At the heart of the NPS, the sensor is a mathematical framework called Atomic Norm, developed at MIT and Caltech, and tweaked by NPS for autonomous driving. It radically changes how sensor data is processed and understood.
“Based on principles from physics and information theory, it is possible for sensors to see well enough to enable zero roadway deaths,” NPS CEO and founder Rezvani said in a statement. “This is not wishful thinking. It’s possible today.”
“We are solely focused on rolling out this historic technology that sees everything sooner, clearer, and farther to provide autonomous vehicles with the stopping distance and time needed to reach zero preventable accidents,” he continued.
“Henry Ford said his goal was for every working family to own a car,” he added. “Our goal is to have nobody lose a loved one in a car crash.”
Multi-sensors that can “see” in all kinds of weather and perceive impending threats, as well as advanced AI, are critical in making a low-death future possible, observed Rob Enderle, president, and principal analyst at the Enderle Group, an advisory services firm in Bend, Ore.
“Still, we’ll also need vehicle-to-vehicle and real-time cloud communications and an increase in field technical support to reach the optimal low death result,” he told TechNewsWorld.
More Than Super Sensors Needed
A key missing element in NPS’s vision for a zero death future appears to be the need to leverage infrastructure to make an autonomous vehicle scheme work, maintained Roger C. Lanctot, director for automotive connected mobility at Strategy Analytics, a global research, advisory, and analytics firm.
“All indications are that fully automated vehicles without drivers will either have to operate on physical or wireless ‘rails’ or will require ample support from infrastructure-based edge computing,” he told TechNewsWorld.
In addition, he pointed out that data processing isn’t the only problem facing sensors in autonomous vehicles. “To aver that processing power, speed or quantity alone can solve the problem in connection with a profusion of sensors is to ignore the reality of the limitations of transmitting such information wired or wirelessly,” he said. “In other words, it is not solely a question of processing in combination with sensors.”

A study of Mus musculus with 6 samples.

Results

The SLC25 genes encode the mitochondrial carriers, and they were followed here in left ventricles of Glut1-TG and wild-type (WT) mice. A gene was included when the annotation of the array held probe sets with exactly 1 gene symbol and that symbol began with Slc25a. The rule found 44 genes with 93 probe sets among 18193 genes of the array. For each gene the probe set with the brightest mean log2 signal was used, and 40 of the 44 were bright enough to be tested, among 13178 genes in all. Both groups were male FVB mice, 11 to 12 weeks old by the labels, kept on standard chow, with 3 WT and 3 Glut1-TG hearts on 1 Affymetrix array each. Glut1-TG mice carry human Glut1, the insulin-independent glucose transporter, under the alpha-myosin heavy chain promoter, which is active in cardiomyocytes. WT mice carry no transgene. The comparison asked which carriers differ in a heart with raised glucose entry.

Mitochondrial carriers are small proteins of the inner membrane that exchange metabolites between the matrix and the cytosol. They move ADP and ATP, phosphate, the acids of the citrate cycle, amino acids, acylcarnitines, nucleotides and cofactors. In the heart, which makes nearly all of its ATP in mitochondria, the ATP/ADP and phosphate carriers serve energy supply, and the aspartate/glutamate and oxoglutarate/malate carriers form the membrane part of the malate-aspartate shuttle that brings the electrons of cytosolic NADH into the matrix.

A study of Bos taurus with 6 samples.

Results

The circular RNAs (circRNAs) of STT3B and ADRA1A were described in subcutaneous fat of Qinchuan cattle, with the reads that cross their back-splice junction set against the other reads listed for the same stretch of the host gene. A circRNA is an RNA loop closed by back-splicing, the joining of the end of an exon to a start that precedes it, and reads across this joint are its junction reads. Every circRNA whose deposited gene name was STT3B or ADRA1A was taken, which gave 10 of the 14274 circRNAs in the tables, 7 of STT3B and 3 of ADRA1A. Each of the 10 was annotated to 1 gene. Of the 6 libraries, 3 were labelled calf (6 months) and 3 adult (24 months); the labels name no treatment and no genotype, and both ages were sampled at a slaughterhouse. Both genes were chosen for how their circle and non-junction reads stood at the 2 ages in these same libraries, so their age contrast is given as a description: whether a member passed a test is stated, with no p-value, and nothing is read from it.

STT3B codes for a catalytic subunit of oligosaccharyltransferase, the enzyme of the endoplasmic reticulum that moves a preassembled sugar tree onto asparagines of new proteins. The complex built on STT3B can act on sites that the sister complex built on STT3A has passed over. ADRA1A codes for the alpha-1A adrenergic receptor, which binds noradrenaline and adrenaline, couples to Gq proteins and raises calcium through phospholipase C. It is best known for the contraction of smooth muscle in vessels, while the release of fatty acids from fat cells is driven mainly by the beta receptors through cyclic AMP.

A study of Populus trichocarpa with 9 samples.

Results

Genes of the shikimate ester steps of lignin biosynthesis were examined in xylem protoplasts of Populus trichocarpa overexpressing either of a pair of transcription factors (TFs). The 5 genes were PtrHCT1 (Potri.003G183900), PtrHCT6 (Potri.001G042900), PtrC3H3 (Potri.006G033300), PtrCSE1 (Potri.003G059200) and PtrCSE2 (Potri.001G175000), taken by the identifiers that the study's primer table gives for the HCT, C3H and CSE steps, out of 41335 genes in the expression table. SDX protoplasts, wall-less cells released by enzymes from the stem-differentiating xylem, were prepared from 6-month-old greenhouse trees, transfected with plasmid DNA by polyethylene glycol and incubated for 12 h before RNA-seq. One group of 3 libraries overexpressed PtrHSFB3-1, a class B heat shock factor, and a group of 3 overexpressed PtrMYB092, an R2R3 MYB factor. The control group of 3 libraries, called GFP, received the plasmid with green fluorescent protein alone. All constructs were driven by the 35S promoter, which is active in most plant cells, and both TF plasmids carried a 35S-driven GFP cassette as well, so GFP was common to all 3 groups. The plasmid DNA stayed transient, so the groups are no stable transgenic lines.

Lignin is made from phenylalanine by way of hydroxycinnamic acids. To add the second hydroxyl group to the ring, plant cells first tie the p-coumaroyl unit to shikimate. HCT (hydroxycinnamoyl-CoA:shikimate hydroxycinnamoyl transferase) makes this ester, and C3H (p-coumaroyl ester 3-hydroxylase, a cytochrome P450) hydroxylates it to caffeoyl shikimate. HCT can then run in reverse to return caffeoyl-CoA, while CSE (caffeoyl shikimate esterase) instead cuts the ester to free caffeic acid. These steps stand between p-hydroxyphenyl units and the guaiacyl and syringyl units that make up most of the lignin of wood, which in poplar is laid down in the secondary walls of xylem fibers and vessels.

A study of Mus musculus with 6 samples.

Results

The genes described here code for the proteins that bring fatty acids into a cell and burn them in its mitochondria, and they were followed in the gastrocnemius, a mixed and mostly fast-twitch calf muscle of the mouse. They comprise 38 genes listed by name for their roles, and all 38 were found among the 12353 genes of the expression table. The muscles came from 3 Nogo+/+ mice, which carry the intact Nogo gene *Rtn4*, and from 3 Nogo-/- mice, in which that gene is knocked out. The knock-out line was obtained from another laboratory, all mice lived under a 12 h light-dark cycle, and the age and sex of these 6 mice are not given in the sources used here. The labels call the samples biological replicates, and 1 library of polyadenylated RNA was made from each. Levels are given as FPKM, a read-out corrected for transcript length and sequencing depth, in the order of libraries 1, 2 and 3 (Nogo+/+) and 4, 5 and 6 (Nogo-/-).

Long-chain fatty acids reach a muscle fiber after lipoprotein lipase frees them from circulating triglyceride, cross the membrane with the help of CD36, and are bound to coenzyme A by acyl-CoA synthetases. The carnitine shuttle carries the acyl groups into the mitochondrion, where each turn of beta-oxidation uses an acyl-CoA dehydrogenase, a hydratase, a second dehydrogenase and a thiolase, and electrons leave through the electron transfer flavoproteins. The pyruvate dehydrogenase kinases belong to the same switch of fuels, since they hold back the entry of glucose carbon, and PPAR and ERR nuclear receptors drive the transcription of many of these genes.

“The goal of zero fatalities is just that, a goal,” he continued. “It is the kind of goal that can only be incremented and iterated toward but never achieved.”
It’s a goal unlikely to be achieved with NSP’s super sensors. “All sensors are prone to failure in good and poor operating environments and circumstances,” Lanctot explained. “Perfection is not possible.”
Target Without Bull’s Eye
Enderle added that the technology exists now to create an autonomous vehicle. “The issue is that it has to get to critical mass as a deployed technology, and we haven’t even started down that path yet,” he noted.
He explained that the technology will need to be refined once it is in large-scale use, and there may be some bumps along the way.
“There will undoubtedly be cost-reduced implementations that will fail or vendors — think Tesla — who over-promote a sub-standard system before it is truly ready.”
Nevertheless, he predicted, “We should be able to get there by 2040.”
While zero deaths might be a nice target, it’s one without a bull’s eye. “Zero death is not achievable because you’ll still have situations like black ice, landslides, equipment failures, and human drivers in other cars misbehaving,” Enderle said.
“But,” he added, “you can reduce those deaths by over 90 percent.”
Crisis on Roadways
To speed up the introduction of autonomous vehicles into the mainstream, Rezvani recommended the federal government gets involved as it did with seatbelt safety.
“Achieving zero roadway deaths is necessary for universal adoption of autonomous driving and is the objective of the recently released U.S. National Roadway Safety Strategy,” he told TechNewsWorld.
“We must have a common understanding of what is possible and have the will to get it done,” he added.
The Strategy, published in January by the U.S. Department of Transportation, asserts that the nation is facing a crisis on its roadways. “Almost 95 percent of our nation’s transportation deaths occur on America’s streets, roads, and highways, and they are on the rise,” it noted.
“Americans deserve to travel safely in their communities,” it declared. “Humans make mistakes, and as good stewards of the transportation system, we should have in place the safeguards to prevent those mistakes from being fatal. Zero is the only acceptable number of deaths and serious injuries on our roadways.”
According to the NPS report, zero is totally doable. “Based on principles from physics and information theory, we conclude it is possible for sensors to see well enough to enable zero roadway deaths,” it noted. “And, based on demonstrated prototype testing of NPS’s sensing and processing platform, we conclude commercially viable and scalable technology exists to do this, and it is realistic to build such a system.”